In 1915, Catholic intellectuals at the frontline launched initiatives to protect soldiers from slipping moral standards and temptation, sexual and otherwise. They offered 'appropriate', organised forms of recreation through study and prayer groups, and football clubs. The initiators grasped the opportunity to push a political agenda as well, using the groups to address all kinds of Flemish issues, such as language inequality in the army, on a large scale. in December 1916, an umbrella organisation was set up to coordinate these Flemish activities - the Front Movement was born.
The army command kept a very close eye on the Front Movement, which had become a political movement whose programme was capable of undermining the motivation of Flemish soldiers. By introducing strong censorship and finally, in February 1917, prohibiting study groups and similar gatherings altogether, the army leaders hoped to crush the movement. It was to have the opposite effect, as the Front Movement went underground and radicalised.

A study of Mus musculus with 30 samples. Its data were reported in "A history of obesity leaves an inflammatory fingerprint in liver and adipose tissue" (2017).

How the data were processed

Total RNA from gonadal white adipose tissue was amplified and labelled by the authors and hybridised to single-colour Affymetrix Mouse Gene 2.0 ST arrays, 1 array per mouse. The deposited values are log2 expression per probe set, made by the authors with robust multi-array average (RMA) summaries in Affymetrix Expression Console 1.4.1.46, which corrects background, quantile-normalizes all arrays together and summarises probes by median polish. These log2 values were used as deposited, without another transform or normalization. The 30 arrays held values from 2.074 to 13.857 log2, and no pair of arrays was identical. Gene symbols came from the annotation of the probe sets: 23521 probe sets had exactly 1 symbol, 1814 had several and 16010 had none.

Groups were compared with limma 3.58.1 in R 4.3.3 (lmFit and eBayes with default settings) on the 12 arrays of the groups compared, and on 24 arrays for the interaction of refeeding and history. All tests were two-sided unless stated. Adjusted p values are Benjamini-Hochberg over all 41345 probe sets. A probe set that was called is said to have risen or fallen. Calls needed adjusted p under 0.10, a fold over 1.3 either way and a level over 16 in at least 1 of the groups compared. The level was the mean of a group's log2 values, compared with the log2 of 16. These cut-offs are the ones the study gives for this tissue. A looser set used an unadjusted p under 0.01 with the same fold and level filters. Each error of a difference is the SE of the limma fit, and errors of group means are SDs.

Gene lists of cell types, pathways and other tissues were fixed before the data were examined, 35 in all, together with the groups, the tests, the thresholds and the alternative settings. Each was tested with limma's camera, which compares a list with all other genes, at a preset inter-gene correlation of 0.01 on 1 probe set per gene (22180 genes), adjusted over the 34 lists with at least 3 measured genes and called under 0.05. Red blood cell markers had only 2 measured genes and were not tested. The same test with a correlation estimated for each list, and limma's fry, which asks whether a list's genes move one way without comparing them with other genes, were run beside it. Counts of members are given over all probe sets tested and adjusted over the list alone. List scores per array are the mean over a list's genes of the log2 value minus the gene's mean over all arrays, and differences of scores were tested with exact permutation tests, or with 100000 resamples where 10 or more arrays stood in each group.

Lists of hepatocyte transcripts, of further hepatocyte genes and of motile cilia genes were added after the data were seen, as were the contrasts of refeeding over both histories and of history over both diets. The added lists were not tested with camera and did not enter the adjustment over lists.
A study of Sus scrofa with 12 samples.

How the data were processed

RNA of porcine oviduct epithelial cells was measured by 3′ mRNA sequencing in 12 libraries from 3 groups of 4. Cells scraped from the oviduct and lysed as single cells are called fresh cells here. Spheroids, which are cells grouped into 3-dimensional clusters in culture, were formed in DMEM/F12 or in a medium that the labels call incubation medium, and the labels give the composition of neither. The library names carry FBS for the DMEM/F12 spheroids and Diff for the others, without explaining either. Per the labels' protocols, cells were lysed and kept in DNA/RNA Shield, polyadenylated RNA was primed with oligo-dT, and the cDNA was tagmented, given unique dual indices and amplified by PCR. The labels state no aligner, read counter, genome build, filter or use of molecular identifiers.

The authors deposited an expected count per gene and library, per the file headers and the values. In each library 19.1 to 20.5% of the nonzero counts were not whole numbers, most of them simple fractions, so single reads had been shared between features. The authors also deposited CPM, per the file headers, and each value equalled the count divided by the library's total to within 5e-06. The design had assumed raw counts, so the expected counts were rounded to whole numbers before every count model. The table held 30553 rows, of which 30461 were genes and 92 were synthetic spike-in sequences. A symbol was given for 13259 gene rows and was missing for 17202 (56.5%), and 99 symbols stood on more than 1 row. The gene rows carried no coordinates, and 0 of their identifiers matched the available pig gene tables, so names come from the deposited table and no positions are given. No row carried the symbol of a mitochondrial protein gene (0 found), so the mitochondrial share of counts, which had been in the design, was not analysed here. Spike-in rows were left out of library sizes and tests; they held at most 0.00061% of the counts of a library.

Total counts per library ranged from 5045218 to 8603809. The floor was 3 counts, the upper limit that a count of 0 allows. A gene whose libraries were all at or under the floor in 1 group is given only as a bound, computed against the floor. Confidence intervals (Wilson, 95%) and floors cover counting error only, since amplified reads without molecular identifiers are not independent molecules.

‘Open Letter' to King Albert I of Belgium(11 July 1917), Ons Erfdeel
On 11 July 1917, the Front Movement wrote an open letter to King Albert I of Belgium. the letter was intended as an urgent warning and had the aim of spurring the king into protecting his Flemish subjects, who, as the movement believed, were being oppressed by the French-speaking establishment. In the letter, its author Adiel Debeuckelaere asserts that the Front Movement has lost all its trust in army officers, the Belgian press and the Belgian government. The Front movement made their grievances knows directly to the king in the hope that he would force government to promise more rights to Flemish-speaking citizens after the war, safeguarding the country's unity. The king responded by appointing a new minister of war: Armand de Ceuninck, who poured fuel on the fire by going on a crusade against everyone and everything in the army that was – or appeared to be – pro-Flemish. From that moment on, any further overtures seemed impossible.